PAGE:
If you’ve been lifting for a over year, you probably have depression, but not mental depression, I’m talking about shoulder depression.
And you wouldn’t be able to tell because all the best fitness people you see have it, so it tends to go unnoticed.
In this 3-part series, we’re going to go over how to assess for depressed shoulders, how you got it, and how to correct it. In today's article, we are just going to go over how to assess for depressed shoulders.
Why should you care if you have low shoulders? It can lead to:
If I get a new client who obviously has low shoulders and has shoulder pain, I'll often elevate the shoulders overhead, and ask them to lift their arms. If there is no pain or less pain, I know that low shoulders is a factor in their pain.
If I do the same thing with new clients that have neck pain and the neck pain decreases or is eliminated, I know that low shoulders is a factor in their neck pain. Often, the muscles which affect the shoulder directly attach to the neck, so there is often a cause and effect relationship between the shoulder and the neck.
Tingling in the Hands
Certain nerves can become compressed from having low shoulders which can contribute to tingling in the hands. Often, individuals who sleep with their arms overhead and have low shoulders are at the highest risk for developing tingling in their hands because of low shoulders.
Trouble Sleeping on Side
If you have trouble sleeping on one side, it may be because that side has to low of shoulders.
Clucking in Shoulder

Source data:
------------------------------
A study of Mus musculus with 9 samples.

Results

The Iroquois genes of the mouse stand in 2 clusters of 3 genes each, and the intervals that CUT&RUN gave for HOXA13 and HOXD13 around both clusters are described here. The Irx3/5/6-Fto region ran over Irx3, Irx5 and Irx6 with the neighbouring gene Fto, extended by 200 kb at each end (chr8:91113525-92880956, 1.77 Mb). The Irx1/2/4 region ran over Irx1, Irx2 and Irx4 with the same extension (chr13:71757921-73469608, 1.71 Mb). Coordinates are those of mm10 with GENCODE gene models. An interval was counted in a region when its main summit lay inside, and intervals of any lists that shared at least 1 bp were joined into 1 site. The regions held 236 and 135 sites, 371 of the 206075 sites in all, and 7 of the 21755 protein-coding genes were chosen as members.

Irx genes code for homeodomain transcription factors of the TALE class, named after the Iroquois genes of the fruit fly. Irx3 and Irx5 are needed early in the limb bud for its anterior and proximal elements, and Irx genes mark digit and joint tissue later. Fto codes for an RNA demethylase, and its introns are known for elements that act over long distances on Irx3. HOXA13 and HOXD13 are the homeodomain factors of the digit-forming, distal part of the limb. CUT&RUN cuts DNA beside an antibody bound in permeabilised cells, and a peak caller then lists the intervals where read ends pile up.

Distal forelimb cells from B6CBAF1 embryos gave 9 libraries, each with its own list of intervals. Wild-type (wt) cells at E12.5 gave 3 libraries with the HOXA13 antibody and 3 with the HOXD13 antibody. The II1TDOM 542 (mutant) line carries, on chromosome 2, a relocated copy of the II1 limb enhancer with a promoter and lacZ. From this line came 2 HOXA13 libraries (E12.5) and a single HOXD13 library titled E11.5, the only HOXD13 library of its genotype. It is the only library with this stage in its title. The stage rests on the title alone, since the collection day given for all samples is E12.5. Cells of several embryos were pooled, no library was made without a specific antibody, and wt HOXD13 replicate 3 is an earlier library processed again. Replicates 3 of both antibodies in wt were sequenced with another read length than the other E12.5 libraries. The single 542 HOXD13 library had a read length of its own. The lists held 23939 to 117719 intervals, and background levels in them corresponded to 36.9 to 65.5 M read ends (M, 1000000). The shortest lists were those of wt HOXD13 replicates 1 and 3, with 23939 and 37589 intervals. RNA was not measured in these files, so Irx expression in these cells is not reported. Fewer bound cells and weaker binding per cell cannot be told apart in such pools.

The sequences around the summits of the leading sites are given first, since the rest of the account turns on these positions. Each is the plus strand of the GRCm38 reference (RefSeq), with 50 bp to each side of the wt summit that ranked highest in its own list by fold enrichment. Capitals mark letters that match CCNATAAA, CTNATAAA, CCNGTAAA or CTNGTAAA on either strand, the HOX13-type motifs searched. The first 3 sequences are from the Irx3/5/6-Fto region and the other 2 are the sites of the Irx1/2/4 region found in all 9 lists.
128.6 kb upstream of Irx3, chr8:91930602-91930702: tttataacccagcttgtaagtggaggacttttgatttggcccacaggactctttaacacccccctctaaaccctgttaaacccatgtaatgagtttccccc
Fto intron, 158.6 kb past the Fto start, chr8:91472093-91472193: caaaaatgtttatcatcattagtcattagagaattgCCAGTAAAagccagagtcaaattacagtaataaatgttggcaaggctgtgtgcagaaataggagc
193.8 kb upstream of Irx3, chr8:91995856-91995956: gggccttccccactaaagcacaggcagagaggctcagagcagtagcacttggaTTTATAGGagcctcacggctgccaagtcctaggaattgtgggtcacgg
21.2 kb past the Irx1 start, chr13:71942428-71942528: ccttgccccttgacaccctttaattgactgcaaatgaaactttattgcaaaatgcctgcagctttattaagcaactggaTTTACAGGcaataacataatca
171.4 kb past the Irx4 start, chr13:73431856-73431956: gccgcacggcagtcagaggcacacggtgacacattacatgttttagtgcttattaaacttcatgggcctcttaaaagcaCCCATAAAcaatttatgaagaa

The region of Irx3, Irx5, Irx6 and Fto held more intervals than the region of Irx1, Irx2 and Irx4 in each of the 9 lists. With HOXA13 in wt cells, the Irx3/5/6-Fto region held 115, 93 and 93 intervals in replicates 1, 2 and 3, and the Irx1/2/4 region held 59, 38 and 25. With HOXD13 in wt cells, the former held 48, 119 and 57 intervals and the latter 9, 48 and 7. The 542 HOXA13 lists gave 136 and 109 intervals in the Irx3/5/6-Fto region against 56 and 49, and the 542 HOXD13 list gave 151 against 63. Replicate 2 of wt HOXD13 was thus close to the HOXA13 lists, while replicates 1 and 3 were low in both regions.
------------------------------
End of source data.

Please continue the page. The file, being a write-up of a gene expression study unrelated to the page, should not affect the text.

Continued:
If you raise your arm overhead, and you hear popping or clunking, low shoulders may be playing a role in this.
Okay Von, you convinced me low shoulders can suck, but how do I really know if I have low shoulders? The biggest tell-tale sign is the clavicle angle.
If this clavicle or bone here is straight, you have depressed shoulders. But, what if this part is a little elevated?
In that case, I recommend taking a measurement of the slope of your upper traps. To do this, we’re going to use an extension on a Chrome Browser called Protractor. So, basically, as long as you can email yourself your picture, have it in Google Photos, or have it online somewhere, and can use a Chrome browser to look it up, you can easily measure your upper trap angle.
Let’s first get Protractor on Chrome as an extension. We go to the upper right corner and click on the three vertical dots.
Now, it shows up as a button, in the top right corner that whenever you click on displays your protractor and allows you to measure angles. I believe there is a similar app in Android and I’m sure in the Apple store.
So, here are the angle measures that I’ve found which tell you if you have depressed shoulders, or at risk of developing depressed shoulders, or if you have normal shoulders.
Here I am checking of my clients, and as you can see he pretty much has a flat right clavicular angle (follow the red arrow below), which guarantees him depressed shoulders on the right side. However, his left clavicular angle is a little higher, so in that case, I like to measure the upper trap angle for his left side (and for completeness, we'll measure his right side too.)
Then we’re going to put the other line across the upper trap. We are measuring the left upper trap, and we get 33.9 degrees. For tdhe right side, we get 33.5 degrees.
I always recommend measuring the other side too because they’re almost going to be a little different, and sometimes a lot different.
Both shoulders certainly qualify as being depressed.
Now, let’s check myself.
I’m going to measure my left angle, and we get 27.5 degrees (sorry the cursor is blocking the actual number).
For my right angle, we get 30 degrees.
If you’re are either “Approaching Depressed Shoulders” or have depressed shoulders from these measurements, in the next article, we’re going go over how you got it, so you can help prevent it.
Finding out if you have low shoulders is simple. Measure it, try to correct it, then measure it later on. If you find it's getting better and you have less symptoms, keep it up!